ALBUQUERQUE, N.M. (KRQE) — Albuquerque’s animal shelters are full, and the number of people surrendering their pets is on the rise. Shelter officials are working on creative new ways to curb animal surrenders and free up kennel space.

“We are full, and in order for us to make space for the new ones coming in, we need to get the others adopted,” said Albuquerque Animal Welfare Director Carolyn Ortego, “We did a gap analysis and what we saw in our data is that we increased in our owner surrenders by 90 percent last year, so [we’ve] almost doubled in our owner surrenders.”

According to data from the Animal Welfare Department, nearly 5,000 animals were surrendered to their shelter system in 2022, and nearly 10,000 were picked up as strays.

Ortega said current economic conditions are one of the drivers of this surge of animal surrenders.

“Everybody has a different reason for surrendering their pet, and we don’t judge. We want to make sure that the pet is safe, but we also know that a shelter is not always the best place for a pet,” Ortega explained. She said for animals, it’s stressful being in a loud and unfamiliar place, and they want to lessen the need for pets to be surrendered to their shelters—by taking it online.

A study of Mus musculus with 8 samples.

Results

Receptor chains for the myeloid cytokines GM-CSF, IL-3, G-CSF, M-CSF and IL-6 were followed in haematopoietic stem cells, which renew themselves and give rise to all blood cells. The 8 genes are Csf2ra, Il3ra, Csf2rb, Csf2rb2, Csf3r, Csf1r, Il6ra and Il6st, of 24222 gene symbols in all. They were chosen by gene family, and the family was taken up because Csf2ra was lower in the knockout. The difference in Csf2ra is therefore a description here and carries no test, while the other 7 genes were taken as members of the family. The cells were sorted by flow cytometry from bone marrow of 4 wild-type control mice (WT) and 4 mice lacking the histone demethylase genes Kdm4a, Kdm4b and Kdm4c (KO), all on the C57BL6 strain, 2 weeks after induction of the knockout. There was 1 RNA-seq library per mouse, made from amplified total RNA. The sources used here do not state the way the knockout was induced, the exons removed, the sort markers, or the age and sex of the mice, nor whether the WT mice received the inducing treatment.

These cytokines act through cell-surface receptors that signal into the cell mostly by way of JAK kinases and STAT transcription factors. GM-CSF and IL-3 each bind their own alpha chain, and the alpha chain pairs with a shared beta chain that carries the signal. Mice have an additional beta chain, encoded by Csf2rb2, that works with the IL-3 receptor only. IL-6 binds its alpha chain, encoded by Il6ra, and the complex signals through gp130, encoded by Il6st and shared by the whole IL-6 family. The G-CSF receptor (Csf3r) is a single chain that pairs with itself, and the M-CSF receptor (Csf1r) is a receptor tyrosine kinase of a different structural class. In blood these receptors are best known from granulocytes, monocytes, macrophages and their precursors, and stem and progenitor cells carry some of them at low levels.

“During COVID, of course, we had to be innovative and creative in a lot of our options of how we get pets adopted. So, one of the things that we actually came up with was a virtual dating app: and that was basically our fosters could get online through Zoom and introduce the pets that they were fostering to potential adopters,” Ortega said.

Ortega wants to expand this digital ‘pawprint.’ She envisions this program as being an online place where people who may need to surrender their pets can get connected with people looking to adopt.

“You could put in all of the traits of your dog as the owner and then on the opposite side someone who’s looking for a pet can put the traits in that they’re looking for in a pet, and hopefully, all of those points will come together, and they’ll be able to find the perfect pet virtually,” Ortega explained.

This idea will be presented to City Council Thursday as part of a resolution establishing one-year objectives for the city. Ortega expressed she hopes to have this virtual matching program up and running in the next fiscal year.